Iranian leaders, once united in the purpose of their war with Iraq, are now divided on what must be achieved to end the nearly five-year-old conflict.

When Iraq invaded Iran in September 1980, Iran quickly focused on ousting Iraqi President Saddam Hussein and his ruling Baath Party -- just as Iraq sought to remove the Iranian government of Ayatollah Ruhollah Khomeini.

Fifty-six months and more than 500,000 casualties later, however, there is a clear split among Iranian leaders over how best to end the war while still serving their interests: by insisting on withdrawal of Saddam Hussein from power, by asking for the collective resignation of the Baathist party, or by simply ceasing hostilities and leaving the question to the Iraqi people.

Several peace-seeking delegations, including missions from the Islamic Conference Organization, the Palestine Liberation Organization, the United Nations and others have traveled to Tehran to try to soften Iran's attitude, but all have been disappointed.

According to reliable diplomatic sources in Washington, Iran's parliament speaker, Hojatoleslam Ali Akbar Hashemi Rafsanjani, is expected to lead a political and economic delegation to Japan early next month. The agenda for the trip has not been announced, but observers believe peace negotiations and the fate of the incomplete multibillion-dollar petrochemical project of Bandar Khomeini are among the topics to be discussed.

Japan, which has extensive trade with both Iran and Iraq, has attempted several times to bridge the wide differences between the warring countries.

The question of Iran's demands came up again during U.N. Secretary General Javier Perez de Cuellar's fact-finding trip to Iran and Iraq in April.

In his meetings with four top Iranian leaders, Perez de Cuellar received contradictory signals about what their real demands were. Some, including President Ali Khamenei and Prime Minister Mir Hossein Mousavi, seemed to be among those who demand nothing less than the resignation of Saddam Hussein and the withdrawal of his party from power.

According to Iranian newspapers that carried accounts of Perez de Cuellar's meetings with Iranian officials, Iran's conditions for ending the war were not brought up in detail in the secretary general's meeting with Khamenei.

However, the Iranian president made it clear that "from our experience, we know that as long as Saddam Hussein and the Iraqi Baathist regime are in power, our just demands will not be met and materialized.

"We have realized that as long as Saddam is in power, the war will continue. Their regime is an unreasonable and illogical one that does not understand our legitimate rights," he said.

The secretary general, however, had more luck with Rafsanjani, who is also Khomeini's representative in the Supreme Defense Council, and Foreign Minister Ali Akbar Velayati, who reportedly advocate ending the war even without Saddam Hussein's ouster.

Perez de Cuellar was received warmly by Rafsanjani, who kept complaints about the United Nations' failure to condemn Iraqi aggression to a minimum and encouraged him to continue his efforts.

"The first positive attitude in the world in recent times has come from you, the secretary general of the United Nations. If there is one way to stop the war, it is the way you have started," Rafsanjani said, according to the official newspaper Kayhan.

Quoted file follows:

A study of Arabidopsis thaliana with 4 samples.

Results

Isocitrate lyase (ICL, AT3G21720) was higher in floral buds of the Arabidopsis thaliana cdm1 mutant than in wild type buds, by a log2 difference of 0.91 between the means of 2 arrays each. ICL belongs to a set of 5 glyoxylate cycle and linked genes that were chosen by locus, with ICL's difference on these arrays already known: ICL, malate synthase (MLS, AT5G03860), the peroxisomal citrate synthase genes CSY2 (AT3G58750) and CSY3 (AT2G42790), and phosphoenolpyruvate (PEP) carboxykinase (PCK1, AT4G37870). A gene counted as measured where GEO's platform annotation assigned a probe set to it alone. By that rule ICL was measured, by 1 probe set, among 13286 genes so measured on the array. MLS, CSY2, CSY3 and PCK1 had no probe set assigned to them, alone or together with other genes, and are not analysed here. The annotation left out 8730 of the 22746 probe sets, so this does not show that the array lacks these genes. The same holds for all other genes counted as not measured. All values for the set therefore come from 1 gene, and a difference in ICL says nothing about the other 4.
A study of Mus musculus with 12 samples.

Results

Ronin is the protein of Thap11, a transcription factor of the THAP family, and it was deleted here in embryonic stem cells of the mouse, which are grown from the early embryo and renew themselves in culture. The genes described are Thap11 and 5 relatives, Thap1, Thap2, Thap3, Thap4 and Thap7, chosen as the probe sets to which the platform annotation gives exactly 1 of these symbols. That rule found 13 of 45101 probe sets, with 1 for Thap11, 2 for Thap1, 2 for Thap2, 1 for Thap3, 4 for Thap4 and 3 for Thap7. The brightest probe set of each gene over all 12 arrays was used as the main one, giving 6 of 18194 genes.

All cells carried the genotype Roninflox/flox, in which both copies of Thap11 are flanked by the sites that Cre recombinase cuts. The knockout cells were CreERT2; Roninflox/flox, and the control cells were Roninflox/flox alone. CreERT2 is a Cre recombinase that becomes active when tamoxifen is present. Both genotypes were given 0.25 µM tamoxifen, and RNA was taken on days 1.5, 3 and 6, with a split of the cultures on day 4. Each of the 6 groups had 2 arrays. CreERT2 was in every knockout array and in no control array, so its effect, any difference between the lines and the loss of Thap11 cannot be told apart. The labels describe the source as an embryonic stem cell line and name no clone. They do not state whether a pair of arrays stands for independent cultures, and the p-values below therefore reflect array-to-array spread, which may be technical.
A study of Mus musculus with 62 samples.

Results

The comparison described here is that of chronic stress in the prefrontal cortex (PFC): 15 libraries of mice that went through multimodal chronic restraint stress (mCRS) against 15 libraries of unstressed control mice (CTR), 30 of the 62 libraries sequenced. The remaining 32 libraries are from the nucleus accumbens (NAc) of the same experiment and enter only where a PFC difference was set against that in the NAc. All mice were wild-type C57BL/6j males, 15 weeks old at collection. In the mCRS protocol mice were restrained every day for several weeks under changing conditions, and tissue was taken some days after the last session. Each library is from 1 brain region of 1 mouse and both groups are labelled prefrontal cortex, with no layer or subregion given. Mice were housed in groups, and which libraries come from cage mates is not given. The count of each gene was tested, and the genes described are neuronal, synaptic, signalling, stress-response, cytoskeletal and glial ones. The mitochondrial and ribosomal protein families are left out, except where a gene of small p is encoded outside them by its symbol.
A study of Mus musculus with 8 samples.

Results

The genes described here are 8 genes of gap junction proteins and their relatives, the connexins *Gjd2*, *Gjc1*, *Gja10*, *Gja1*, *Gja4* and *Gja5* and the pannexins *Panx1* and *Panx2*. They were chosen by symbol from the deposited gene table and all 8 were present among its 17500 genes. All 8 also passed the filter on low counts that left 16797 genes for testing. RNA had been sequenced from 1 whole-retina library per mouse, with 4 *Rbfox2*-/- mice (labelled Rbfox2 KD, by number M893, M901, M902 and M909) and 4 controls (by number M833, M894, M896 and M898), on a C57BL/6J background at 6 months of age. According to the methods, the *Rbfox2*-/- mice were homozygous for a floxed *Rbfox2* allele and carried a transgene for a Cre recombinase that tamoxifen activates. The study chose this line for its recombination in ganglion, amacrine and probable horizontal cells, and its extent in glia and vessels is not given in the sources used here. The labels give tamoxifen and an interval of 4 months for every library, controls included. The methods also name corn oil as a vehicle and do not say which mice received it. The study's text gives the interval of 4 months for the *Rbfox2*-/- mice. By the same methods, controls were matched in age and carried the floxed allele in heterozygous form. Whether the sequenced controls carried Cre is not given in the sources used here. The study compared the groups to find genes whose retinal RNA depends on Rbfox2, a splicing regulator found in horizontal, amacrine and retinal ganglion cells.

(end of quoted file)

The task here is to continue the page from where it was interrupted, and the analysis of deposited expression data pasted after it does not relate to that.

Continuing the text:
It was at that meeting that Rafsanjani sent a signal that the Iranian leaders who want to see the war ended, even without Saddam Hussein's ouster, are a minority and face problems in convincing the others.

"We believe that if we give up the question of punishment and condemnation of the aggressor, we have backed off from the principle of our revolution," he said, according to Kayhan.

Iran long has threatened to launch its final assault, but observers say that many leaders favoring peace have realized that with their Air Force just barely functioning and the strength of their ground forces becoming more questionable, their interest might be served best by ending the war.

Perhaps the most important factor in reaching any settlement is the final word of Khomeini, who is said to be trying to stay away from the internal split on this matter.

Observers who follow events in Iran point out that Khomeini's words are to be considered more from a religious angle rather than a political one.

As one observer put it, "the question now is which one of these factions will have a better luck pulling Khomeini to their side."

His speeches in recent months, although basically reiterations of what he has said before, have been interpreted differently by observers inside and outside the country.

Khomeini said in March, "Victory or defeat loses any meaning, because serving God and obeying His orders is all victory . . . . Even if we are defeated or not defeated . . . it makes no difference."

Secretary of State George P. Shultz said in an interview with the Boston Globe that Khomeini's speech might indicate "that Iranians can say that they have done their duty because they have made a major effort."

Others, however, take note of different speeches in which Khomeini has repeated that the Iraqi regime and its president must be toppled or the war will continue.

"You all know what Saddam will do to us and to our country if he gets a chance. This is not a war between Iran and Iraq. This is a war that Saddam started to destroy Iran and Islam, and we will fight against him to the end and until he is defeated," Khomeini said a few days before Perez de Cuellar visited Tehran.